Recently, during a lengthy journey, I encountered a woman with whom I struck up a friendship to alleviate the monotony. Aged around 25 or 26, she cradled a charming baby girl in her arms.
We became friends by engaging in small talk with the lady while playing with her daughter, and the journey concluded harmoniously. However, as I disembarked from the bus, a heavy heart accompanied me, compelled by the sorrow evident in her voice, urging me to pen down her narrative.
Married at 24, she navigated the complexities of in-law responsibilities while completing her MPhil. Divine blessings were soon bestowed upon her with the arrival of children, fostering a desire for independence and a career. She expressed, “Convincing my in-laws and husband was a challenge, as they believed my job would compromise household responsibilities.”
Committed to fulfilling both roles, she embarked on a hopeful journey with her CV, seeking her father’s aspiration for independence. Post CV submission came to the interview phase, where her confidence and academic qualifications were fully displayed.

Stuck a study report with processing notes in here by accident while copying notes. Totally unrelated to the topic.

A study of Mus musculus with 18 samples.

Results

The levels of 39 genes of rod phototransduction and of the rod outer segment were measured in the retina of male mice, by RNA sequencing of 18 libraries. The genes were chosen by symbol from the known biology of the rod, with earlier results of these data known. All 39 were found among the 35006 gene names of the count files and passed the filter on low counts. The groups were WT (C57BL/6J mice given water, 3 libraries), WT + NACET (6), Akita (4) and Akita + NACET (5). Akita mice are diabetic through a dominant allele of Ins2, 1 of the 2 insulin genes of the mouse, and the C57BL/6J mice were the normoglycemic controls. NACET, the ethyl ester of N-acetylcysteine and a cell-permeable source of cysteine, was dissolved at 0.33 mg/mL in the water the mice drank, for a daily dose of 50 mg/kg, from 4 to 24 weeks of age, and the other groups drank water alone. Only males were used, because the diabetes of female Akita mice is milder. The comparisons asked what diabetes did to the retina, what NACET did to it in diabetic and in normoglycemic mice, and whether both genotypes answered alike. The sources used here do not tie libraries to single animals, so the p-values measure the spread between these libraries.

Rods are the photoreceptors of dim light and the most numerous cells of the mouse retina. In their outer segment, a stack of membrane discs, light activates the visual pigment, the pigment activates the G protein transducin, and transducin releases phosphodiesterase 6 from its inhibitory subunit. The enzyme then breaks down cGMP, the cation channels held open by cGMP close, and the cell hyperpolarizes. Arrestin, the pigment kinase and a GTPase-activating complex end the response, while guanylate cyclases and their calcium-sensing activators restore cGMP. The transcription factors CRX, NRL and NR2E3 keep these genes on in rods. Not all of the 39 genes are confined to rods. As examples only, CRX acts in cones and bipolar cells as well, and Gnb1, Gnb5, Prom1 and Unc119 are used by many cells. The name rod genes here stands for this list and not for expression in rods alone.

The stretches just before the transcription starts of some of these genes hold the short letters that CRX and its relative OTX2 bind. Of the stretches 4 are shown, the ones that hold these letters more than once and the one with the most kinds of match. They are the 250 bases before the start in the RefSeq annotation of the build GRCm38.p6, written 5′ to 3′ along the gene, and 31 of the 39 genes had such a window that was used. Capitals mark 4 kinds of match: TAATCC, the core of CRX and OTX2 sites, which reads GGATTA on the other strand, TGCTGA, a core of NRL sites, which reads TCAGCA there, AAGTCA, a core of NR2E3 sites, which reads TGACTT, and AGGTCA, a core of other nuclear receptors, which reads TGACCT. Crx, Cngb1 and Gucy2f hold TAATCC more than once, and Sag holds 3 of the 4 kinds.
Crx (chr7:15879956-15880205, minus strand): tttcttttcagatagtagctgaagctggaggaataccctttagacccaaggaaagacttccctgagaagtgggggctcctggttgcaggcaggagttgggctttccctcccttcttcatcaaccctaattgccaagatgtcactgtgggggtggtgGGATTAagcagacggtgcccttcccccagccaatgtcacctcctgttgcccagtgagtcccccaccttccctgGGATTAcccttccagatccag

To her dismay, the feedback after the interview shattered her hopes. The head of the institution conveyed that due to her status as a mother, the job couldn’t be extended, citing concerns about maternal attention diversion. This response echoed across multiple places, each refusing her employment because of her child.
Her narrative carried a sense of grief, portraying how society has turned the blessing of children into a burden for her. With no one to care for her daughter at home, she finds herself in a bleak future. The prospect of her husband promising higher education and independence for their daughter elicits laughter, as she envisions her child’s fate mirroring her past.
In the 21st century, our failure to grasp the need for both men and women to contribute to the country’s development persists. Women, inevitably mothers, should not be compelled to choose between career and childcare. Establishing nurseries in offices could empower mothers to balance their responsibilities effectively, ensuring the nation doesn’t forfeit the skills and capabilities of half its population.
Do you believe the implementation of office nurseries would facilitate mothers in managing both childcare and professional responsibilities effectively?